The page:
Ghanaian cocoa farmer establishing specially-approved farm boundary pillars under the guidance of a Landmapp field agent (the pillar will be mounted with cement after mapping). Courtesy: Landmapp (www.landmapp.net)

Date of publication: 
April 2017
Resource Language: 
Pages: 
53

The Cocoa Research Institute of Ghana (CRIG), with support from the World Cocoa Foundation (WCF) the United States Agency for International Development (USAID), performed the Ghana Land Tenure Baseline Survey, the first of its kind survey of tenure rights among cocoa farmers in Ghana. CRIG surveyed almost 1,800 cocoa farmers operating 3,900 cocoa plots regarding various land tenure issues within customary sharecropping arrangements and on owner-managed land. This report describes the findings from the Survey.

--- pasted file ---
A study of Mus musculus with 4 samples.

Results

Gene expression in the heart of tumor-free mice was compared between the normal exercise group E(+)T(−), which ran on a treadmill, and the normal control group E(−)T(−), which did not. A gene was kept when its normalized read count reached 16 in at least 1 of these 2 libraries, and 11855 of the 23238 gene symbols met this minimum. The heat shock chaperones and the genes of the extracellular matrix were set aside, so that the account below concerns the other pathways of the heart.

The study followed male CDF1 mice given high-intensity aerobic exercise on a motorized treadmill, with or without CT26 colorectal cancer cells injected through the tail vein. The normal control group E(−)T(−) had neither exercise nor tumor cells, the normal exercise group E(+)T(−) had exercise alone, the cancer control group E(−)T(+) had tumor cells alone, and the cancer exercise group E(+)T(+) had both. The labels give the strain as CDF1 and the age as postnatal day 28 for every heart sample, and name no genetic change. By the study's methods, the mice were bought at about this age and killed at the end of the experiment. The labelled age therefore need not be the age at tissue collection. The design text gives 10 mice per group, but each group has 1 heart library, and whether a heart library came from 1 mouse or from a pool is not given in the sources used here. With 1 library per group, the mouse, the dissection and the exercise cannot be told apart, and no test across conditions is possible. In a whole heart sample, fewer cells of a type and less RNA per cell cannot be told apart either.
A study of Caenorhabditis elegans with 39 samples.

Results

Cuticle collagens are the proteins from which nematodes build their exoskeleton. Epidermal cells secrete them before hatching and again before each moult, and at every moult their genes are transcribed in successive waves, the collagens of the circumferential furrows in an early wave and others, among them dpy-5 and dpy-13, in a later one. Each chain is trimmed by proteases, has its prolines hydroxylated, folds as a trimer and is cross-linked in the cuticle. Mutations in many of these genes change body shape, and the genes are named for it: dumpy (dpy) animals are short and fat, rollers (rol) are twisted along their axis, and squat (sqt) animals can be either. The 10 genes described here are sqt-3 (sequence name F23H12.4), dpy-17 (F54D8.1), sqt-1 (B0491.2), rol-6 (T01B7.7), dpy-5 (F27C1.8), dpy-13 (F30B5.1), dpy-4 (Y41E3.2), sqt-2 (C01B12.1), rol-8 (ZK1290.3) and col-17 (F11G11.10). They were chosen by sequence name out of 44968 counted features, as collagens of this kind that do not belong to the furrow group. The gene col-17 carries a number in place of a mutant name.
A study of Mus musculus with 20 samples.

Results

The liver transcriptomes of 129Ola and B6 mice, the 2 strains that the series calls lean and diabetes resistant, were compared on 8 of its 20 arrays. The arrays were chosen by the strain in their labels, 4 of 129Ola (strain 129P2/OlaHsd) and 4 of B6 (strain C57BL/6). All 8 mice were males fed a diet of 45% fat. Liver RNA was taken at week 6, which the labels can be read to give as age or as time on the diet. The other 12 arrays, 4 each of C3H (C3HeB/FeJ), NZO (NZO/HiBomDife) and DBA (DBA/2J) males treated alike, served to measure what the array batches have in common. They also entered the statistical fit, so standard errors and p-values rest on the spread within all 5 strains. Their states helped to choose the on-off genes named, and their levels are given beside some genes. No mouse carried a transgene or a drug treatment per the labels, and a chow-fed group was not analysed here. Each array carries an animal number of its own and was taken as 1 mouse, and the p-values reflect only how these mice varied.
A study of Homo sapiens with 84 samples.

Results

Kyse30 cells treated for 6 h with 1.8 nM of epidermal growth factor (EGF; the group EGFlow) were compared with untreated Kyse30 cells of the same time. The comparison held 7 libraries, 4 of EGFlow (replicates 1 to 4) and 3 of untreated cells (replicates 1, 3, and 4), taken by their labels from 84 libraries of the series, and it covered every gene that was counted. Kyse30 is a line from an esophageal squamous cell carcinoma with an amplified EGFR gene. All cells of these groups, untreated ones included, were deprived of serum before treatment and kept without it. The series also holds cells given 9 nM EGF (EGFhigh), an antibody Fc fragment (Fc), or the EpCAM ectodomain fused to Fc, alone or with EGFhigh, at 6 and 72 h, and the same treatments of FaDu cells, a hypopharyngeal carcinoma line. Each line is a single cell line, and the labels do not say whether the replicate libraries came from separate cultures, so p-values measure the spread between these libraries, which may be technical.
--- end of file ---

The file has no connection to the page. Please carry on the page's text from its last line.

Authors and Publishers

Author(s), editor(s), contributor(s): 
Authors: Dr. Mercy Asamoah, CRIG & Dr. Frank Owusu-Ansah, CRIG Editors: Paul Macek, WCF & Aaron Mead-Long, WCF
Publisher(s): 
University or Research Institution

At its inception, the Central Cocoa Research Station was assigned clear goals within the Gold Coast Department of Agriculture, to investigate the pest and disease problems of cocoa in order to maintain production in the Eastern Province and elsewhere in the Gold Coast. In 1944 when the Research Station was up-graded to WACRI, the objectives were widened to include investigations into the disease and pest problems of cocoa in West Africa, soil fertility and good agricultural practices, with the view to increasing yield and farmers' income.